Francine Compton has watched the growth of Indigenous news from a front row seat.
The broadcast veteran has performed numerous roles over the past 25 years, including executive producer at APTN News and assignment producer at CBC Indigenous.
Her passion for news goes back even further than that, to roughly Kindergarten when she would watch and emulate her father, Jim Compton – one of the first Indigenous journalists at CBC in Winnipeg.
Her father would go on to become one of the founders of APTN.
“The creation of APTN has changed the game. Period,” Compton tells Host Dennis Ward on the latest episode of Face to Face.
“Now, the landscape is that our stories are being done by everyone.”
Upon graduating from TecVoc high school in Winnipeg in 1999, where she studied broadcasting, Compton went straight to work at newly launched APTN.
She started as a researcher, then began gathering stories in the field as a camera operator and reporter, before moving behind the lens to direct news, special and live events. She then became the producer of APTN Investigates and later at APTN National News.
As her skills developed so did her public profile. Compton is the first, three-term president of the 40-year-old Native American Journalists Association (NAJA), which advocates for fair and accurate reporting of Indigenous issues on both sides of the Canada-U.S. boundary.
She recently stepped aside from producing news to take on the role of Associate Director of NAJA. She noted NAJA has chosen Winnipeg for its first out-of-country National Native Media Conference in August 2023.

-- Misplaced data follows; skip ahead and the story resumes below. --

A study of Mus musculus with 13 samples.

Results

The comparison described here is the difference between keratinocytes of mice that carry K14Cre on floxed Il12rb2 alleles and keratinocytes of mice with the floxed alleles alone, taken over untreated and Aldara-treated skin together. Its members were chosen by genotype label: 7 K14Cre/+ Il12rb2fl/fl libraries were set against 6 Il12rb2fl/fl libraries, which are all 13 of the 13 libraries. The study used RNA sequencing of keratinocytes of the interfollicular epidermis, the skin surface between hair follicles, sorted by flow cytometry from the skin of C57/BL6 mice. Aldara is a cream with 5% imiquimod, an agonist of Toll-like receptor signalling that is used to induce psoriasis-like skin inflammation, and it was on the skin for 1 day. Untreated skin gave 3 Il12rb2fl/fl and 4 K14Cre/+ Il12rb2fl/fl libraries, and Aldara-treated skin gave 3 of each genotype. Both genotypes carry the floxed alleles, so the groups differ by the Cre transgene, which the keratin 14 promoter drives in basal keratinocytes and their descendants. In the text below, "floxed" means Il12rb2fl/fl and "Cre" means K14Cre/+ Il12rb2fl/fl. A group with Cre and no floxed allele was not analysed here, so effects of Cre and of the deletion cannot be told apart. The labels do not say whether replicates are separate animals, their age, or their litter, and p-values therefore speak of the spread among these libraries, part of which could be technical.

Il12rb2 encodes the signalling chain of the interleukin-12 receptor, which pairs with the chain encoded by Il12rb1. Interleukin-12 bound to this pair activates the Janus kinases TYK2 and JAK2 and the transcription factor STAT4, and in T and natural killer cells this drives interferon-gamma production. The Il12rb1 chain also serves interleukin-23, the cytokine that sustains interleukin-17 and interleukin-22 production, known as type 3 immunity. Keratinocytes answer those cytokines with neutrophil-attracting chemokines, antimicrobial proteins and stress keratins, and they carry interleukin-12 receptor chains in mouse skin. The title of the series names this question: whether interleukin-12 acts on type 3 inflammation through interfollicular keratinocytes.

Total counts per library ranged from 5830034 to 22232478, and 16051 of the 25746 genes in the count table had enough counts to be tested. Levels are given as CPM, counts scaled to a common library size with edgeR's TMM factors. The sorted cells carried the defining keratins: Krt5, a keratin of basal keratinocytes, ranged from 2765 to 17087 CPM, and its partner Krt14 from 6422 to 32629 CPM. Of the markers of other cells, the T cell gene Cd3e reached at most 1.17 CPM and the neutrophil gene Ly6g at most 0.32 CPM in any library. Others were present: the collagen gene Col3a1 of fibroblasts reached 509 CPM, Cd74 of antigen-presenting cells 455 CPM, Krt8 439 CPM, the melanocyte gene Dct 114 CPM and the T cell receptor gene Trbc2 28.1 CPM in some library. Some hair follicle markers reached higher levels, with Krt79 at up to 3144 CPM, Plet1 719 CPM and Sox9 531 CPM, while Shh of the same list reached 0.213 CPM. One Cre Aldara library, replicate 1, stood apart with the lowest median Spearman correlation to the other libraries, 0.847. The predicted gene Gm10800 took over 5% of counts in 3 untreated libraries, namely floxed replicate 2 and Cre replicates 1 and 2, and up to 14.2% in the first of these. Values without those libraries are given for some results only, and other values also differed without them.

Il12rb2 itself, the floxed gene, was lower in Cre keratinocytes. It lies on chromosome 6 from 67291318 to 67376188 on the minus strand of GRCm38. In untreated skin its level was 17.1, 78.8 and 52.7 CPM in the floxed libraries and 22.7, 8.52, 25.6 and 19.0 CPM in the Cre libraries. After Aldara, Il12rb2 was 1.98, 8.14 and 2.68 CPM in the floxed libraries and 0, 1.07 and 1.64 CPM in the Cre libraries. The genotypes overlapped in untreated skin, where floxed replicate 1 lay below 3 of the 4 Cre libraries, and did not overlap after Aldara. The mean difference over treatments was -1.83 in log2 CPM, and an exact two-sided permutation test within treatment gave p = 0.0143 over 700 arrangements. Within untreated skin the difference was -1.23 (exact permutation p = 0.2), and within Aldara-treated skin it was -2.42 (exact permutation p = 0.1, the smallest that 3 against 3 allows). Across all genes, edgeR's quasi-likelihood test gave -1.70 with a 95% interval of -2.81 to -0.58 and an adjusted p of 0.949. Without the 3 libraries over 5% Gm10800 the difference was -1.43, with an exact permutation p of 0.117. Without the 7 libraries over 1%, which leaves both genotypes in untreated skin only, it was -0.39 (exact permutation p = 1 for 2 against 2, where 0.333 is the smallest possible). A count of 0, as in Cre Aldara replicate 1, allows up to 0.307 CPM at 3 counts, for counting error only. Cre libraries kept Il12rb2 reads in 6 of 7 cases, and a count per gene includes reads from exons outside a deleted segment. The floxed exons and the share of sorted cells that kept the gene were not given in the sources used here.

One of the ongoing topics is the need for more Indigenous journalists.
“I went to high school, I got my training here at APTN, and I didn’t go the traditional university or (journalism) school route. For me, that’s really what I want to be able to do (for others)…,” she says.
“We want to see Indigenous people in leadership positions in major networks across Canada and the U.S.”
At both APTN and CBC, Compton says the industry is facing a supply and demand issue.
“There are demands on us to be everywhere, to cover everything and there aren’t enough of us. And so, that needs to change.”
Compton would like to see networks fully support First Nations, Inuit and Métis people looking to become storytellers.
“Let’s get behind the press releases and out of the inbox pitches and let’s get to the communities and draw out those stories, because when I’m seeing all the networks doing the same story off the press release, it just concerns me that there’s not enough of that connecting to the communities.”
According to Compton, the most under-reported issue right now is the states of emergencies on First Nations.
“They’re so under reported that they’re not making national news, every time they occur. These are communities in Canada under states of emergencies for various reasons and that’s all we’re hearing about. We don’t hear why, we don’t get to learn about the people in the community and that’s what’s missing and that’s what we need to be covering,” says Compton.